If you want your posture game to ascend to new heights, try some wall angels. This upper-bod mobility exercise works your back, neck, and shoulders while promoting proper spinal alignment.
You don’t even need to pass through the pearly gates to do them — just find a wall and you’ll be on your way to a stronger back, better range of motion, and potentially reduced back and neck pain.
Wall angels are basically part stretch, part strengthening exercise. Here’s how to pull ’em off:
- Stand with your head, shoulders, upper back, and butt pressed against the wall. Your feet may need to be 6–12 inches from the wall. Keeping your knees slightly bent will reduce muscle tension.
- With the backs of your hands against the wall, stretch arms straight above your head. Now you’re in the starting position.
- Squeeze your mid-back muscles as you slide arms down toward shoulders. Keep your bod firmly pressed against the wall.
- When elbows are just below shoulders, pause for just a sec, then slide your arms back to the starting position.
- Do 2–3 sets of 15–20 reps.
The wall angel isn’t the only celestial exercise on the block. Here are three tried-and-true variations.
Not much of a wall person? You can do pretty much the same move from the comfort of your floor and reap the same benefits. Simply lie on the floor with your knees bent and your spine straight.
Now, move your arms just like on the wall:
- With the backs of your hands against the floor, stretch arms straight above your head.
- Squeeze your mid-back muscles as you slide elbows just below shoulders.
- Hold for a sec.
- Slide your arms back to the starting position and repeat.
Forward wall angel
Tight shoulders might protest when you first try a traditional wall angel, making it hard to keep them pressed against the wall. No need to push yourself to the point of pain — instead, try a forward wall angel.
Do the move with your arms and elbows just slightly off the wall. As you get stronger and more flexible, you can work your way up to traditional flight.
In the meantime, you’ll still be getting a solid workout.
Narrow your “wings”
If your muscles and flexibility level give you the green light to take things up a notch, work on narrowing the Y shape you make with your arms and bringing your heels closer to the wall.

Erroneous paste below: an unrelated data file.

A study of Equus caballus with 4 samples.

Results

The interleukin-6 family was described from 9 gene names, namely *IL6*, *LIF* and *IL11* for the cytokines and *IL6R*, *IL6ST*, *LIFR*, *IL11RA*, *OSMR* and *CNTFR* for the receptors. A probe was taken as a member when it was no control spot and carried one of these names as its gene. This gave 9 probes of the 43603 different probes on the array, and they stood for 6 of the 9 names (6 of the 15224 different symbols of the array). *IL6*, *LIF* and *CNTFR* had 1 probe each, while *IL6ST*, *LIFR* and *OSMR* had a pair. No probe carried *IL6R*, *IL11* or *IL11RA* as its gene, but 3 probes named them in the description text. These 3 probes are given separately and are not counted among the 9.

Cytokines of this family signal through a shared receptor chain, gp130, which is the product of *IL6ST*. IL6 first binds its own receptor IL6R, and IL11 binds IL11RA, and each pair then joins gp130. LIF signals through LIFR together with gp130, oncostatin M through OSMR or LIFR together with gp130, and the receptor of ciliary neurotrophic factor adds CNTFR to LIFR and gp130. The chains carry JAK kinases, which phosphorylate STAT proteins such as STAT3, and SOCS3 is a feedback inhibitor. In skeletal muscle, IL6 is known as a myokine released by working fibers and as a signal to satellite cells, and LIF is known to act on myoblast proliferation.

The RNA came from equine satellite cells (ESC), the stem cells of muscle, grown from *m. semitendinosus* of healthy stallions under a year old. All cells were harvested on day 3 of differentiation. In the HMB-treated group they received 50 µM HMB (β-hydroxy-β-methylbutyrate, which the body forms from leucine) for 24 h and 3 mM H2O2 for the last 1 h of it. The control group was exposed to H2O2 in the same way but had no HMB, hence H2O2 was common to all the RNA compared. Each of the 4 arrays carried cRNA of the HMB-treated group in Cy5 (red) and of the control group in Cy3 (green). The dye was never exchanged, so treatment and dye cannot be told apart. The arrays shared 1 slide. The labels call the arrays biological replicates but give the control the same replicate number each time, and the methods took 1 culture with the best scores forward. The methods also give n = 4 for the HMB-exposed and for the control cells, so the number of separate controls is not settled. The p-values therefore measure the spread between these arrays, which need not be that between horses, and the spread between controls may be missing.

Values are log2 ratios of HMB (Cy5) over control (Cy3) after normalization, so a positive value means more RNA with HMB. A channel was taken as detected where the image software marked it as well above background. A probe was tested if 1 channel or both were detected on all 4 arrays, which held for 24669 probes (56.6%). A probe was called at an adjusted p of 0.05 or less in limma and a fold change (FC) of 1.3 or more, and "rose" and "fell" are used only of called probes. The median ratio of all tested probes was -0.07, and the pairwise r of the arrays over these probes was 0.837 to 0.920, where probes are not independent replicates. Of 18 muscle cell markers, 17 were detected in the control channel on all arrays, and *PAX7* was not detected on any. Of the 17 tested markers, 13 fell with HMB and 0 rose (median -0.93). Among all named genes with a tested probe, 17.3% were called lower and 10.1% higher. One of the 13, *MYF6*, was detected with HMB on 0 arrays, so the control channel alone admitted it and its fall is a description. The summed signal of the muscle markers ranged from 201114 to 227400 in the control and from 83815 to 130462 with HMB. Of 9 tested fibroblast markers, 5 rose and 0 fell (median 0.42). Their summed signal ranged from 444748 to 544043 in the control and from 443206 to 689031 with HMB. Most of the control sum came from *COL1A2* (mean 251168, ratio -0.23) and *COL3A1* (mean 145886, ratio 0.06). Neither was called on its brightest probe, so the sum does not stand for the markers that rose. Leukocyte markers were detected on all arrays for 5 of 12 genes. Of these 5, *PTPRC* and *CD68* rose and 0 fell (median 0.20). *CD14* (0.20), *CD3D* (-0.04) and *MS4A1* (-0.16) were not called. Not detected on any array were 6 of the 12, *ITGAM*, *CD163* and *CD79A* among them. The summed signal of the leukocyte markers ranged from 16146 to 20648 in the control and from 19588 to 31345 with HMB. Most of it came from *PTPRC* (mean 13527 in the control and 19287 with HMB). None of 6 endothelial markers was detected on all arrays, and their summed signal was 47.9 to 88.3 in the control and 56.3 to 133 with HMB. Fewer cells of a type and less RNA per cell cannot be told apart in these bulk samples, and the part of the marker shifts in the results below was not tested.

This way, you’ll def feel more of a stretch and a burn.
Bad form is the biggest sin for this move. Pushing yourself too hard or doing it incorrectly could result in pain, soreness, or even a pulled muscle.
Here are some tips to keep your wall angel from turning into a devil:
- Form over flexibility. Since the move is so simple, it may be tempting to test the limits of your flexibility, but doing so could easily backfire. Just keep practicing and you’ll get there. In the meantime, you’re reaping plenty of benefits.
- Give your arms some slack. If your shoulders feel tight at first, let your arms up from the wall a bit (or floor, if you’re doing the variation).
- Tuck your chin. Tucking your chin slightly can help lengthen your neck and straighten your spine.
- Slow and steady. Keep your reps slow and controlled to enjoy the benefits without overstressing your muscles. Unlike in some other exercises, speeding through wall angels won’t do you any favors.
- Take breaks. If you’re sore, take a day off from wall angels. That way, you can count on them to keep being good to you.
When added to your regular fitness routine, wall angels come with plenty of heavenly pros.
All that time spent hunched over emails and texts can do a number on your neck and spine. Wall angels help train your shoulders to stay back, aligning your spine and strengthening your core.
Turns out, good posture means a lot more than looking like Audrey Hepburn when you walk. Poor posture can negatively impact mood, memory, digestion, breathing, headaches, and potentially sleep, fatigue, and jaw alignment.
Back and neck pain, be gone
Wall angels may help reduce neck and back pain and tension by improving surrounding muscle strength and flexibility.
According to a 2016 study, improving the flexibility of muscle tendons and ligaments in the back boosts range of motion and aids in functional movement.
Retraining your posture, stretching often, and improving flexibility are a few ways to treat chronic back pain.
If you want to keep improving your back, neck, and shoulder mobility and strength, try these additional exercises on for size.
Moooove over right meow — make way for the Cat-Cow
Cat-Cow is a classic yoga pose that improves posture and balance, strengthens and stretches your spine and neck, and stretches your hips, abs, and back. Here’s the play-by-play:
- Start on hands and knees in tabletop position, with spine neutral. Inhale as you move into Cow: hips up, chest forward, belly sunken.
- Lift your head, relax your shoulders away from your ears, and look forward.
- Exhale as you make like a cat: Round your spine upward, tuck in your tailbone, and draw your pubic bone forward.
- Release your head toward the floor and relax.
- Repeat for 10 reps or as desired.
Swap your wings for a cape and do the Superman
Like wall angels, the Superman can strengthen your back and improve your posture. As a bonus, it’ll improve flexibility and tone those glutes. Here’s how to save the day the Superman way:
- Lie facedown on your stomach, with legs extended and neck and spine neutral.
- Keep your arms and legs straight and draw your abs away from the floor. Lift arms and legs off the floor at the same time.
- Hold for a few secs, then lower back down.
- Repeat for 3 sets of 12 reps.
Wall angels are an excellent way to improve spine mobility, posture, and back strength. When incorporated into a healthy fitness routine, they may also help relieve back and neck pain.
To get the most out of every wall angel, take it slow and steady and prioritize form. You can do them daily or as often as is comfy. Aim for 2–3 sets of 15–20 reps.